Put aside the distraction over the services of Wits striker Phakamani Mahlambi, South Africa’s 3-1 demolition of Cameroon in their opening match of the Confederation of African Football’s African Cup of Nations U-20 tournament has made other hopefuls sit up and take note.
Despite facing a Cameroon side that appeared to be loaded with players who looked older than 20, the youngsters clawed their way from being a goal down with new striking sensation Luther Singh snatching the first hat-trick of the tournament.
The unholy war that erupted between the South African Football Association (Safa) and Bidvest Wits over the availability of Mahlambi for national duty ended amicably when the youngster was finally released to join the rest of his compatriots in Zambia this week.
National coach Thabo Senong refused to be drawn on the matter, which delayed the arrival of the Wits star, insisting that he always knew the youngster would join them as he had taken only 20 players to Zambia.
An excited Mahlambi was warmly welcomed by the team, who anticipate his combination with Singh and Liam Jordan upfront could create a three-pronged attack capable of carrying South Africa to the top of Group B and qualifying for the U-20 Fifa World Cup in South Korea later this year.
“This group must qualify for the World Cup in Korea,” Safa president Danny Jordaan said. “It has been our objective to have our youth teams qualifying for major tournaments and, should they achieve this objective, the experience they would gain would be invaluable going forward.
“Vision 2022 would be well on track as the bulk of these players would form the core of the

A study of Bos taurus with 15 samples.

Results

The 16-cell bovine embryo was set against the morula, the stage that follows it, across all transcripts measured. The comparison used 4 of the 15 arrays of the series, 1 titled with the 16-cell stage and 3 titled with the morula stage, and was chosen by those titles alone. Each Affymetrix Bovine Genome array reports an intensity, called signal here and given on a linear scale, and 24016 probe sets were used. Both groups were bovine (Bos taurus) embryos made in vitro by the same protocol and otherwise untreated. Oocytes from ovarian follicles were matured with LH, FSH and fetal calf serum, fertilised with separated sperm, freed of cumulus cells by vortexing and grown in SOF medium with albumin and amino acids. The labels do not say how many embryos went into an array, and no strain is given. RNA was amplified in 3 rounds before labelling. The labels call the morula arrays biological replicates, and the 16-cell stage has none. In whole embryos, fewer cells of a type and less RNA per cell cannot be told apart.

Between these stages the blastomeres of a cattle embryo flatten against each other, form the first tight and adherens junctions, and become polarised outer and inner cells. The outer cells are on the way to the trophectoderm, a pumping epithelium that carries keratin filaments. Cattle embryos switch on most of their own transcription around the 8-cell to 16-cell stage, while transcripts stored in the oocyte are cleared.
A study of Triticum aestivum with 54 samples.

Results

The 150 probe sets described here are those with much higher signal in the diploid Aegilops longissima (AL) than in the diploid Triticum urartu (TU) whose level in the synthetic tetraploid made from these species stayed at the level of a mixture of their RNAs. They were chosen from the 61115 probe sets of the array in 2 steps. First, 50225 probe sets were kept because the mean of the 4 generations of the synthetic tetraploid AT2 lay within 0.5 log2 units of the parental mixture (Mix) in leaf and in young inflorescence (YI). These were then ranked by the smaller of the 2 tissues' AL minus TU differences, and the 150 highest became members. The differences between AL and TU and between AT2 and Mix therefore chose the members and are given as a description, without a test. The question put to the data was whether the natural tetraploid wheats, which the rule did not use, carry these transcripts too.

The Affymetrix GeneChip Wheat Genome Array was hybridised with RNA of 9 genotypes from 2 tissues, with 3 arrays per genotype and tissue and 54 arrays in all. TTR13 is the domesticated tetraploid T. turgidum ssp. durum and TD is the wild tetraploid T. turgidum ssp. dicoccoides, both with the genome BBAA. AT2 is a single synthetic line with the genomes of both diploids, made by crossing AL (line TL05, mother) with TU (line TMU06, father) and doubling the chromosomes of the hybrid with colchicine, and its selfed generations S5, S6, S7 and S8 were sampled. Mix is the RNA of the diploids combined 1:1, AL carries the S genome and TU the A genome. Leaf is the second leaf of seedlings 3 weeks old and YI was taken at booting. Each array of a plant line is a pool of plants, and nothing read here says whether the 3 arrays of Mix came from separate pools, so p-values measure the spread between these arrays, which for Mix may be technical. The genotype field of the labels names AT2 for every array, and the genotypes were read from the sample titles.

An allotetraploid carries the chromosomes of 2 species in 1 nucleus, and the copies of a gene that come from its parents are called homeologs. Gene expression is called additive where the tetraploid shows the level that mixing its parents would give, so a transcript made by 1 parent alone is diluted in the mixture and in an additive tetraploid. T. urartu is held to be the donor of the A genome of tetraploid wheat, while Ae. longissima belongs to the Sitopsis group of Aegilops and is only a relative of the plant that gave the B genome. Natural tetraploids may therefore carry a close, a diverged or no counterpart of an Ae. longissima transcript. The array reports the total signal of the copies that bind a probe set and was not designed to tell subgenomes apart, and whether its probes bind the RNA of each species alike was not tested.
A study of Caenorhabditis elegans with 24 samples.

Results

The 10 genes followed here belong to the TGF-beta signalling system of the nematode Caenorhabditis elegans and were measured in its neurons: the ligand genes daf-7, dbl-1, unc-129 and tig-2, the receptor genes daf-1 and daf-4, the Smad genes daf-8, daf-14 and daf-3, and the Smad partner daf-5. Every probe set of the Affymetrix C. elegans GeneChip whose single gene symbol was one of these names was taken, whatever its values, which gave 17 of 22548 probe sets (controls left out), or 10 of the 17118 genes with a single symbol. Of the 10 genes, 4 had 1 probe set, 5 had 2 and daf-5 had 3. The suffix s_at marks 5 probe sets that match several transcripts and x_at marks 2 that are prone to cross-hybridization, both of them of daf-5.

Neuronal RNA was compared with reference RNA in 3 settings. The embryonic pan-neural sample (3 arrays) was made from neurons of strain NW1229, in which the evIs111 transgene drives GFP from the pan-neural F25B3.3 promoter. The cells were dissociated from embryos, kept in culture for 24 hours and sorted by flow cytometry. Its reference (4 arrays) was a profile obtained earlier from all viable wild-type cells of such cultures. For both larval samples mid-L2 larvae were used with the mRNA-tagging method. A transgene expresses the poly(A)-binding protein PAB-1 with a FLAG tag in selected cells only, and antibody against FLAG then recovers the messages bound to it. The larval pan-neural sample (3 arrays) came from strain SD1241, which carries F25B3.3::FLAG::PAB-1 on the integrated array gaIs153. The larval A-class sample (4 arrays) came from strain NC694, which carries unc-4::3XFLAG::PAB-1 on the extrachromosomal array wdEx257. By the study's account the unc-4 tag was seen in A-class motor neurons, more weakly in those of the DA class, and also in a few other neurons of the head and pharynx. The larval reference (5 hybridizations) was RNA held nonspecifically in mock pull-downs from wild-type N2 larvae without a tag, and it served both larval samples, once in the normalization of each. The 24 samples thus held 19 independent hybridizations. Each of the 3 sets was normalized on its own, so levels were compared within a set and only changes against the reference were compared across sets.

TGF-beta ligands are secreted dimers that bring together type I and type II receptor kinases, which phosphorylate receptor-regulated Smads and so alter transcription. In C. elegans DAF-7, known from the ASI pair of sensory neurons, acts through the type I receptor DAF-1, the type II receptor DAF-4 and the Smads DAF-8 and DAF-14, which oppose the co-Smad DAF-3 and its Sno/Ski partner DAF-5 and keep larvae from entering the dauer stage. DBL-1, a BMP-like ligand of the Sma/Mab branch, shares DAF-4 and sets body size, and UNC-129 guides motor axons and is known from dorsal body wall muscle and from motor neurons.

team that would contest qualification for the 2020 Olympic Games and eventually the 2022 World Cup in Qatar.”
In their way is an always quality Senegalese team and the lanky physicality of a Sudanese team, who managed a draw against the West African aspirants.
Host Zambia made their intentions of making it two Southern African countries qualifying for the World Cup in Korea crystal clear when they overcame a stubborn Guinea at the 60 000 sold-out Hero Stadium in Lusaka, with Austria-based Patson Daka netting the single goal.
Zambia, the Council of Southern Africa Football Associations
champions, looked solid and compact in defence, and skillful and aggressive going forwards. They would seem the team to beat in this tournament.
“Our first objective is to qualify for the World Cup,” said the Football Association of Zambia president Andrew Kamanga. “The second objective is to win the tournament on home soil.”
This is certainly not an easy group and, although narrowly beaten by the home side, Guinea were not overawed and held their own until the last minute, so should not be discounted. The same applies to both Egypt and Mali, who failed to score in a tight opening match and could also qualify in this group.